South Africans can convert a sizeable portion of their electricity supply to self-generated solar and save between 80-90% on their electricity bills while paying off their system.
Eskom was recently granted an average electricity tariff increase of around 10% and is expected to implement more price increases in the coming years.
The utility’s operational costs have surged due to increased reliance on expensive diesel-powered emergency generation and renewable power purchases from independent power producers.
MyBroadband recently spoke to AWPower managing director, Christiaan Hattingh, to find out how much installing a solar-powered system at home could save on your electricity bill and roughly how long it would take to pay off such a system.
AWPower is an energy solutions provider that performs professional grid-tied and off-grid solar installations, with most residential and business customers in Gauteng and the Western Cape.
A common belief is that the cost of self-generated power and backup systems negate the benefits of saving on electricity tariffs charged by Eskom.
Hattingh told MyBroadband that this was mostly true for complete off-grid systems.
“The costs of specifying a system with inverters, solar panels, generators and battery storage to provide complete grid-independence are too high to be attractive for most properties,” he stated.
However, households could get compelling savings on their monthly bills with a modular solar installation that is appropriately sized specifically for their power consumption levels.
Hattingh said with battery-less systems, you can cover up to 35% to 50% of your bill, as this would be what most households consume during the day.
Naturally, this would depend on how much electricity you can consume and how extensive your solar array is.
“The more solar panels you install, the more of your day-time electricity consumption will be catered for by your solar generation,” he said.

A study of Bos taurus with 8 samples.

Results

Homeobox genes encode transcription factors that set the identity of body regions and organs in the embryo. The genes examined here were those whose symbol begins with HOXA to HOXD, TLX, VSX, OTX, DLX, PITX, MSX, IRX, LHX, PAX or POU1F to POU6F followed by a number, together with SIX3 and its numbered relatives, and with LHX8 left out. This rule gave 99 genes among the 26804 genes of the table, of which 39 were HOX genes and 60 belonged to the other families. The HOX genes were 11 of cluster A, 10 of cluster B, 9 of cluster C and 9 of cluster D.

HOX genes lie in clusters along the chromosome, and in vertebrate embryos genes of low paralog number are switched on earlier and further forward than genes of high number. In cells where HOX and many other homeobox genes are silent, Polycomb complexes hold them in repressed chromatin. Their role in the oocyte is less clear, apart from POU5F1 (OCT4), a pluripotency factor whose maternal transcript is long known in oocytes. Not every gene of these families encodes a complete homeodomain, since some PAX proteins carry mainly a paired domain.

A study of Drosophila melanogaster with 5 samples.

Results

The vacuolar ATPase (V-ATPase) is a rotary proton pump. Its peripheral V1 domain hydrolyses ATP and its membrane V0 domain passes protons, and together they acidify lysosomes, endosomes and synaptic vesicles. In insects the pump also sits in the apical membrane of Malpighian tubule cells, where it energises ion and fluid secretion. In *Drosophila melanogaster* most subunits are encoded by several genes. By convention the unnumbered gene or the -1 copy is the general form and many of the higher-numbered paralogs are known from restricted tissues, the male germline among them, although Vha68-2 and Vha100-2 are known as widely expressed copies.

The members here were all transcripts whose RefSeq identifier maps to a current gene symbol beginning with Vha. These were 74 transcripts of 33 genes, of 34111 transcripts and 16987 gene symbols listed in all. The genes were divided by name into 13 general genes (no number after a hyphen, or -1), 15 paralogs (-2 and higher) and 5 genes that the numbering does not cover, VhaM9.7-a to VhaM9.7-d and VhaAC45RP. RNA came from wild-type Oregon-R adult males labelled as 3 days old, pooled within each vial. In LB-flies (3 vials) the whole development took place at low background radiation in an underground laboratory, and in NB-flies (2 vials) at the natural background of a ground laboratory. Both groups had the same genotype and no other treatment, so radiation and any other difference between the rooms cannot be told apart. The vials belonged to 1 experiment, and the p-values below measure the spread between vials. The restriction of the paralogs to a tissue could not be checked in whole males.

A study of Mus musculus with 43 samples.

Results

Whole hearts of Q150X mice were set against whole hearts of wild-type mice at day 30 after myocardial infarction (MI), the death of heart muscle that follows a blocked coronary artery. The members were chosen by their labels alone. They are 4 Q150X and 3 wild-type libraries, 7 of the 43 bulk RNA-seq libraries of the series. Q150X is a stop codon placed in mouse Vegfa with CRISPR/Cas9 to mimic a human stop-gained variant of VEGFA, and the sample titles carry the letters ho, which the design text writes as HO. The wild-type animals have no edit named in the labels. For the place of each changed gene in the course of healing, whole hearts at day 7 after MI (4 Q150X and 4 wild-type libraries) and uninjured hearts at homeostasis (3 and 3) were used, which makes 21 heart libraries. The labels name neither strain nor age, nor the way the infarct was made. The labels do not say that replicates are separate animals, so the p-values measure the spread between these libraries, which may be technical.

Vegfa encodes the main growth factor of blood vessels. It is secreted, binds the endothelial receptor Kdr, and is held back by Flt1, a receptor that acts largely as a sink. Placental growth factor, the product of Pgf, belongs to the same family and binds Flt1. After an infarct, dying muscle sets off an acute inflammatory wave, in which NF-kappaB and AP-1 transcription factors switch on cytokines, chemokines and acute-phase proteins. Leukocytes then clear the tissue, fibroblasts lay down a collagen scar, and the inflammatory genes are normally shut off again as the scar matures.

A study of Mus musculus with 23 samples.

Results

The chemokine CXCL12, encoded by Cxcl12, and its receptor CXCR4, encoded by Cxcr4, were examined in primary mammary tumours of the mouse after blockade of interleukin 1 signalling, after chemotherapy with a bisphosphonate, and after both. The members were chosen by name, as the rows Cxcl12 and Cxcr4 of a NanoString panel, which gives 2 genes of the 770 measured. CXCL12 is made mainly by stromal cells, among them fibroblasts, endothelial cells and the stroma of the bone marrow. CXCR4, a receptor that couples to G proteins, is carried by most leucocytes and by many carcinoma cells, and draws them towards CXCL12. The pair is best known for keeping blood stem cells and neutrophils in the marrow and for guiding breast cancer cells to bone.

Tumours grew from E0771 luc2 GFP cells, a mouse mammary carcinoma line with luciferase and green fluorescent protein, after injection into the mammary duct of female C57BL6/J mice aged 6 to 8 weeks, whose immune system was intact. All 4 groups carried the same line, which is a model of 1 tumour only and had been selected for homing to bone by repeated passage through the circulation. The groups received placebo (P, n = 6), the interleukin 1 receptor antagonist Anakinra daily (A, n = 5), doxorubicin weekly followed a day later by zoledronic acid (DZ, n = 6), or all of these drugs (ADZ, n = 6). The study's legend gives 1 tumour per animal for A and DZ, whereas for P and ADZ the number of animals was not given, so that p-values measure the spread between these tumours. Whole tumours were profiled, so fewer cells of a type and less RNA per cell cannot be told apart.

Adding batteries would come at a high cost but would allow you to save on nighttime consumption as well.
Hattingh said a “bread-and-butter” system that most households could benefit from would typically have a 5kW inverter, 10kWh of battery storage, and solar panels that could generate around 3-4kW of peak power.
AWPower configured a system for a customer with a bill of around R1,400 per month on Cape Town’s home user tariff, equal to around 600kWh of consumption per month.
Its combination of 4.5kW of panels, a 5kW inverter, and a 10kWh battery cover an estimated 80-90% of their bill.
That includes considering what it can do in summer and winter and combining that into an average.
Hattingh said such a system would cost between R150,000 and R160,000, excluding VAT.
Hattingh said that it would take between 8 and 10 years for a return on investment with the system for typical homes.
Based on the City of Cape Town’s home user tariff, annual electricity price hike of just over 9%, and the household’s usage, the payback period on the above-mentioned system would be roughly eight years.
“There are cases where 3-phase houses that use a lot of electricity can get down to between six-and-a-half and seven years of payback,” Hattingh said.
Commercial setups, which are generally more reliant on day-time availability, can be paid up in short as four to six years, Hattingh added.
Hattingh emphasised that having a large solar panel array was essential for a quick return on investment.
Generally speaking, South Africa has among the best prices for PV modules.
If you generate excess electricity that can be fed back into the grid, you can get credit or discounts from the municipality, if they support this.
The main benefit would be that you would still have power even when load-shedding strikes.
Another future advantage of a PV system that consumers should consider is its ability to help bring down running costs for charging electric vehicles (EVs).
Recharging your EV with power provided by your solar system could offset the amount you would usually have paid to refill your petrol or diesel tank or the cost of recharging using Eskom’s power.
Hattingh also drives a BMW i3 to work and charges it with solar power at the office.
As a result, he said he was “disconnected” from the rising petrol price in South Africa.